KARACHI: Pakistan International Airlines (PIA), which stays in the skies mostly on the back of government bailouts and commercial loans, has surprisingly retired debt and liabilities worth over Rs19 billion in the past one year.
PIA’s domestic debt shrank by Rs19.2 billion, or 12%, to Rs137.7 billion by March 2020 compared to Rs156.9 billion in March 2019, the State Bank of Pakistan (SBP) reported on Tuesday.
“PIA pays around Rs5 billion a month to retire debt and liabilities (that stood at over Rs400 billion on June 30, 2019),” PIA spokesperson Abdullah Hafeez Khan said while talking to The Express Tribune.
The net impact of debt repayment, however, remained significantly lower in the one-year period under review because PIA simultaneously “gets the debt restructured and rolled over … or sometimes takes fresh loans from banks to pay off old ones to keep the airline operational,” he said.
The state-owned airline has managed to pay off debt despite remaining in losses over the past several years.
“We hit almost break-even level (no profit and no loss) from operations in the year ended December 31, 2019 (numbers are yet to be made public),” Khan claimed. “However, the coronavirus has badly impacted the airline now. Flight operations have remained virtually suspended for the past seven weeks under the lockdown.”
At present, the airline is undertaking limited flight operations. It is only flying foreigners to their home countries and bringing Pakistanis back home on government’s directives. “These are mostly one-sided empty flights. The government is bearing expenses for such flights,” he said.
Ramazan used to be a high time for Umrah pilgrimage and a big source of revenue generation for the national air carrier. People, however, could not perform Umrah this year due to the global health crisis, he said.
“PIA has 31 passenger planes in its fleet at present,” Khan said.
“Revenue for six months ended June 2019 recorded a significant growth of 44.6% (to Rs65.92 billion) as compared to (Rs45.59 billion in) 2018 and accordingly loss from operations fell 59.4% (to Rs7.12 billion) as compared to (Rs17.54 billion in) 2018,” PIA CEO Arshad Malik said in the directors’ report for the half year ended June 30, 2019.
“Passenger seat factor was 84.1% in 2019 compared to 77.7% in 2018. While the operating loss improved, the company got a severe hit due to currency devaluation and rising interest rates,” he said.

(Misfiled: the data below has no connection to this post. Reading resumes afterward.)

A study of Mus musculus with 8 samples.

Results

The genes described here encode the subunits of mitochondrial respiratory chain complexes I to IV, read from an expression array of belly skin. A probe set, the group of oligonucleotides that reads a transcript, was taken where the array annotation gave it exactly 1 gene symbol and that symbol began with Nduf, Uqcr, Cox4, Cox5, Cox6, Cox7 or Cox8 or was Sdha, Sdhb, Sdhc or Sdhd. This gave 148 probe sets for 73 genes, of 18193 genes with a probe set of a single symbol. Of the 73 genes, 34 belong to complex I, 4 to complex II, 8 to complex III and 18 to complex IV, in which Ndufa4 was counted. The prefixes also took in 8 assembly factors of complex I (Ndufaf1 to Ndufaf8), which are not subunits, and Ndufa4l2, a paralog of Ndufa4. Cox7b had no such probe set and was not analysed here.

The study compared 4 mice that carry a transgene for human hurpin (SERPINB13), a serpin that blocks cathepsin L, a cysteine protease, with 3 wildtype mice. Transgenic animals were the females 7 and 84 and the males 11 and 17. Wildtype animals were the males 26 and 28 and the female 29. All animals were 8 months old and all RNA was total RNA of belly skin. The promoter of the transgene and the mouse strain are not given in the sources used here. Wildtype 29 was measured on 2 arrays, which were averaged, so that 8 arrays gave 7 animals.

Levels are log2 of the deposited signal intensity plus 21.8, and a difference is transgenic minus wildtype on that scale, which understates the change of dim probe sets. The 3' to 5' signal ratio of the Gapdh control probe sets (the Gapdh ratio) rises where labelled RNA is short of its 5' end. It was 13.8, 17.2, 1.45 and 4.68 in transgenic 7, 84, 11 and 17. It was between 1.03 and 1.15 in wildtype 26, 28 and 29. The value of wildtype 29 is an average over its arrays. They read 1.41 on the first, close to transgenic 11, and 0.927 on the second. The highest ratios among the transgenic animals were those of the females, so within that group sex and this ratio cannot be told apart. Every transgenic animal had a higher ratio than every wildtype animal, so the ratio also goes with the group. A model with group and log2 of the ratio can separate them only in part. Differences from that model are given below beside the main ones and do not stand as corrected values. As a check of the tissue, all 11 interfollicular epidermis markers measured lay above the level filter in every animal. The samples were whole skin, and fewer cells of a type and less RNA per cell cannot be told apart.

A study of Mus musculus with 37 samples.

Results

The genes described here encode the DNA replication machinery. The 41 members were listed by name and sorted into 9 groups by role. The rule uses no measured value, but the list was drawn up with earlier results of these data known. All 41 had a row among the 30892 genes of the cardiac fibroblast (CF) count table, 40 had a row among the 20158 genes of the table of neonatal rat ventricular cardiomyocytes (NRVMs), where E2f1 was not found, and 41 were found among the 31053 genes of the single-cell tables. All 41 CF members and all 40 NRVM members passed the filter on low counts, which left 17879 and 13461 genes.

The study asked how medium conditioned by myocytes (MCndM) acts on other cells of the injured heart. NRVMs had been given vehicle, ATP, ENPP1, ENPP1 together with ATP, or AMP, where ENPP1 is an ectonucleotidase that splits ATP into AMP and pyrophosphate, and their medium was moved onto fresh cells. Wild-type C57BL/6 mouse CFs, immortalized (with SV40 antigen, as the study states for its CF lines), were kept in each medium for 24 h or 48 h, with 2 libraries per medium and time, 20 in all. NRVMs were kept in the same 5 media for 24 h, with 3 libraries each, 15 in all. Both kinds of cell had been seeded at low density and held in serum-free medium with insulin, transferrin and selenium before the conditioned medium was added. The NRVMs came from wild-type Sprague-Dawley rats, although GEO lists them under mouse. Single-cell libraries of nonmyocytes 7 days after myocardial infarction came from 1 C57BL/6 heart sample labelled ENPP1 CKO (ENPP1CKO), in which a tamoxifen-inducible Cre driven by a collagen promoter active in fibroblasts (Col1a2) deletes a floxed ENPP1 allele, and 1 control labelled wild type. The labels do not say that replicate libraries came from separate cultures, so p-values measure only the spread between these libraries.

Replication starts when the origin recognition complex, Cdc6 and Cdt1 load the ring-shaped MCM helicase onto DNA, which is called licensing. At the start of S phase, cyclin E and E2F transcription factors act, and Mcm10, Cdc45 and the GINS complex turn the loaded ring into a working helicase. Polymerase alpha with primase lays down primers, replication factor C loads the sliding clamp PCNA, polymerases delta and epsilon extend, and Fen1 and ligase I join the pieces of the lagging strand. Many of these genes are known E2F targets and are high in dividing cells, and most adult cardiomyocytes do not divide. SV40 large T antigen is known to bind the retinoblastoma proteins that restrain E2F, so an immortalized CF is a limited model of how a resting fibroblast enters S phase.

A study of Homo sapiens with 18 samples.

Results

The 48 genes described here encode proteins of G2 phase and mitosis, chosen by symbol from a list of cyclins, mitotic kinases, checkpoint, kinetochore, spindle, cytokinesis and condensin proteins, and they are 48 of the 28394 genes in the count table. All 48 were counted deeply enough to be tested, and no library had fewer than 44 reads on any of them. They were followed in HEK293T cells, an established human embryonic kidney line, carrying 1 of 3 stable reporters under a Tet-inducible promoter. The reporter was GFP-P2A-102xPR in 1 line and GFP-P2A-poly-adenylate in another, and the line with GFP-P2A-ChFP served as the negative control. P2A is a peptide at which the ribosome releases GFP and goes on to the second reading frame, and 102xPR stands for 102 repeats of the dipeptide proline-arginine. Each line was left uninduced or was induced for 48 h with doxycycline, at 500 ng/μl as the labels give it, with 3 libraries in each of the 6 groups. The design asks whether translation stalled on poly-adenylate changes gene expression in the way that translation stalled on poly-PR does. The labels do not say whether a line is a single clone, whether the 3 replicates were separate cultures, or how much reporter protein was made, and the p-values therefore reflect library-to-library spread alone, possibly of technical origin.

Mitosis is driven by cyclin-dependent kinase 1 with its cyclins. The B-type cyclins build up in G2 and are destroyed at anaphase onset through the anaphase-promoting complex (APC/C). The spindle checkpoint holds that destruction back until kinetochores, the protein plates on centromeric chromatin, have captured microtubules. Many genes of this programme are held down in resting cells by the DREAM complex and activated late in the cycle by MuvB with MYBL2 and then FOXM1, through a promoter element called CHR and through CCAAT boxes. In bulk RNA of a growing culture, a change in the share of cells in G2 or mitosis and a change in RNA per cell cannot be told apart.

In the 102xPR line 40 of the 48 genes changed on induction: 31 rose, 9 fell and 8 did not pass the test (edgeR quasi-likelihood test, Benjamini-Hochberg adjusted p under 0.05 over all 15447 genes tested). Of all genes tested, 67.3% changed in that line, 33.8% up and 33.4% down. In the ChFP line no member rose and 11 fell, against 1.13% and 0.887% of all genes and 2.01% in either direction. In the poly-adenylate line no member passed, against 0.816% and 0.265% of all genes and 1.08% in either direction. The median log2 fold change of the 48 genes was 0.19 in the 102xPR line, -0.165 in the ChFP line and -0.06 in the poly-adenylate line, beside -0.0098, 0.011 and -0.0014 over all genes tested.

Before the outbreak of Covid-19, the PIA management was focused on rationalising routes like increasing the number of flights on profit-making routes and curtailing on not-so-profitable sectors.
It was not only PIA that managed to pay off its debt in the year under review, but the Water and Power Development Authority (Wapda) also retired the domestic debt by a net Rs1.2 billion to Rs86.8 billion by March 2020 compared to Rs88 billion in March 2019, the central bank said.
Overall, the outstanding domestic debt of public sector enterprises (PSEs) fell a net Rs6 billion, or 0.4%, to Rs1.58 trillion by March 2020 compared to Rs1.59 trillion in March 2019, the SBP said.
However, Oil and Gas Development Company (OGDC)’s domestic debt increased Rs600 million to Rs6.1 billion in the year under review while net borrowing by other PSEs surged to Rs1.12 trillion compared to Rs1.08 trillion earlier. Besides, the PSEs borrowing from banks for commodity operations dropped Rs25.3 billion, or 12%, to Rs189.6 billion compared to Rs214.9 billion earlier, the SBP said.
The current Pakistan Tehreek-e-Insaf (PTI) government had promised in its election manifesto in 2018 that it would turn around the PSEs - including PIA and Pakistan Steel Mills (PSM) - by “appointing and empowering non-political and autonomous boards, signing performance contracts with boards, agreeing on KPIs, and selecting outstanding professionals as CEOs on merit through the boards.”
Published in The Express Tribune, May 13th, 2020.